There’s a dangerous new TikTok game that parents should know about—the Benadryl Challenge. The idea is to take as many Benadryl tablets as necessary to hallucinate or “trip out,” while of course capturing it all on one’s cellphone to then share with others. A 15-year-old Oklahoma girl died last month attempting this challenge, and three more Texas teens ended up in the hospital.
The Benadryl Challenge Can Be Harmful
Benadryl is an over-the-counter medicine used to treat seasonal and other allergies and is a product many of us have on hand for the occasional bug bite or accidental contact with poison ivy. Because it is so commonly used and does not call for a prescription, young people may have a false sense of security when taking it.
In an interview with Forbes, David Juurlink, MD, head of the division of clinical pharmacology and toxicology at the University of Toronto in Canada, said that when taken at the proper dosage, Benadryl is mostly safe, though it tends to cause drowsiness. He warns however not to underestimate the dangers of this drug when taken inappropriately or at high doses.
Overdose symptoms in young people and adults include:
- Involuntary movements
- Blurred vision, dry eyes and dry mouth
- Inability to sweat and pass urine
- Restlessness and agitation
- Nervousness and anxiety
- Heart arrhythmia
- Trouble breathing
How You Can Help Your Kids
What is a parent to do? By reading this tip, you are already taking a step in the right direction by becoming aware. But you must also be aware that as this Internet challenge fades out, another is sure to follow, which is why it is so important to talk with our teens about the health and safety risks of this and other online challenges.
Here are some points to keep in mind as you do:
- Don’t assume your child won’t try it: Remember, a teen’s brain is not fully developed. Impulsivity, peer pressure, and competitive desire to one-up a peer are all-powerful influencers.
- Set clear boundaries: Share your expectations and what you consider to be acceptable and unacceptable behavior. What your child thinks is okay, may not be okay with you.
- State (and restate) the obvious: While taking medicine for the “fun of it” seems unfathomable to you, make no assumptions when it comes to your child’s safety. Additionally, make sure they know that even over-the-counter medications can have powerful and dangerous side effects.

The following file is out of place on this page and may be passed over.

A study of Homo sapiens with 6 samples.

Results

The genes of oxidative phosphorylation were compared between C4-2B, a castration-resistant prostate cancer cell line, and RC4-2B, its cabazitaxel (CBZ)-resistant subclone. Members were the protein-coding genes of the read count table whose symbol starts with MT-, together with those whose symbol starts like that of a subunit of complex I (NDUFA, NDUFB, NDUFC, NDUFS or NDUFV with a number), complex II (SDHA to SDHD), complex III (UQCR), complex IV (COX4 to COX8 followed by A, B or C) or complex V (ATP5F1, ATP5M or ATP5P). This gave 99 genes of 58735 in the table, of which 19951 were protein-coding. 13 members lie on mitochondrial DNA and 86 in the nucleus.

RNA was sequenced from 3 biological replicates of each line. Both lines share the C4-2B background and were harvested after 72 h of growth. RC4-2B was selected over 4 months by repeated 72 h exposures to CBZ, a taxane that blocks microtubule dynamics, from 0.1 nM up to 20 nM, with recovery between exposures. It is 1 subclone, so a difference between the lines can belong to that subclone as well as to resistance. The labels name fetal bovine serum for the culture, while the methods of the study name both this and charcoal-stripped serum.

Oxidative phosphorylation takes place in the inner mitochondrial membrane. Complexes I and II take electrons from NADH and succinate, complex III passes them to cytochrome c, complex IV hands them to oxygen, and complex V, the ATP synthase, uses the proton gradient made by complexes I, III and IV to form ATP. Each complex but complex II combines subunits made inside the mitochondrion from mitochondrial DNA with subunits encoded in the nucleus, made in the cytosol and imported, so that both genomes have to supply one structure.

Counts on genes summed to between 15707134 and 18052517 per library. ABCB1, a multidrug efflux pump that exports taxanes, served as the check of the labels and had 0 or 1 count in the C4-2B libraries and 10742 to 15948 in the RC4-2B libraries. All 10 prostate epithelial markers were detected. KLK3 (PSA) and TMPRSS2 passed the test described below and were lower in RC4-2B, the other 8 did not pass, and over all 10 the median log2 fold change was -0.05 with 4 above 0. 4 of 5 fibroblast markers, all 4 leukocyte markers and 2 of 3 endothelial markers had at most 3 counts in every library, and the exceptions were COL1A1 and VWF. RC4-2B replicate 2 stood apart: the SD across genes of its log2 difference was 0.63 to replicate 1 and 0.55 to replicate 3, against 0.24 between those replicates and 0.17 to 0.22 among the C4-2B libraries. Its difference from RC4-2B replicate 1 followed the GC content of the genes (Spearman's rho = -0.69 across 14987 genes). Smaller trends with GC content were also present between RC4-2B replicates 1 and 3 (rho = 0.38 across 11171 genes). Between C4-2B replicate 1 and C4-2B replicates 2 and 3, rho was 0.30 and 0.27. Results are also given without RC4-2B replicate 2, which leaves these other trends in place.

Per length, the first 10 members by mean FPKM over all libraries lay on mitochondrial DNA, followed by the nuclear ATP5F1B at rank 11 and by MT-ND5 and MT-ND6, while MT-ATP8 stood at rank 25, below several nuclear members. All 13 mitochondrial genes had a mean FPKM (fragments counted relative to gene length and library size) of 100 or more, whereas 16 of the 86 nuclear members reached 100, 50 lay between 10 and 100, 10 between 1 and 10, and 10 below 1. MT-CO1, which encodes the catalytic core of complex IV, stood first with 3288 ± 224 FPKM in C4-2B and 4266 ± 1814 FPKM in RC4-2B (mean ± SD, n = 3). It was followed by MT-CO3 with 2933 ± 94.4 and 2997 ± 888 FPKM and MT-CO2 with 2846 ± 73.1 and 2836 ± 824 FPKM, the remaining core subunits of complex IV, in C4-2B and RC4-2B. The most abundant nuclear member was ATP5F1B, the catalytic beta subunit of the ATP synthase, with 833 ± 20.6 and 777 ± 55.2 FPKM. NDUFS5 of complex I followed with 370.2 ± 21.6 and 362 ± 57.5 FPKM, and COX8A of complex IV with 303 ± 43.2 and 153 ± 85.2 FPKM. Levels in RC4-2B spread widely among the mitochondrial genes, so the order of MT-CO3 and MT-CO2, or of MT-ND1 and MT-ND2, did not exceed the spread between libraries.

- Prompt critical thinking: Ask your child, “What do you think could happen if you do this?” In the face of such a challenge, help your child learn to step back for a moment and apply basic logic and reason before making a decision that could impact his/her health and safety, as well as your trust.
- Keep it positive: Though you may be tempted to focus solely on the dangerous consequences, remember that youth are hard-wired to defend against negative messages or scare tactics. It is important to educate them on the risk; however, you must also emphasize what they should do, like resisting peer pressure, making healthy decisions for themselves, and never encouraging others to put themselves at risk.
We can also take the measure of locking up our medicines, both prescription and over-the-counter. Benadryl is not a difficult drug for youth to get their hands on, however, this will eliminate the number one location young people access medications for recreational use—the family medicine cabinet.
TikTok has reportedly removed all content relating to the Benadryl Challenge. But, it would be naive to think that is where it ends, or to think we will ever keep up with all the latest Internet trends, dangerous or not. What we can do is talk to our children, set clear boundaries, and teach them to think critically before the next risky challenge presents itself.
About Know! Teachable Moments
Everyone has a role in prevention. By reading and sharing this Know! Teachable Moment today, you’re doing your part to prevent substance misuse and create a healthier world for all.
We created these free tips to empower teachers and educators like you. Know! helps you promote health and wellness and protect your students from unhealthy behaviors, including alcohol, tobacco, and other drug use. However, we rely on donations from people like you to provide these tips. If you found this tip interesting or helpful, please consider donating at preventionactionalliance.org/donate.
Know! Teachable Moments are provided by Prevention Action Alliance with support from the Ohio Department of Mental Health & Addiction Services, the Ohio Department of Education, and Start Talking!.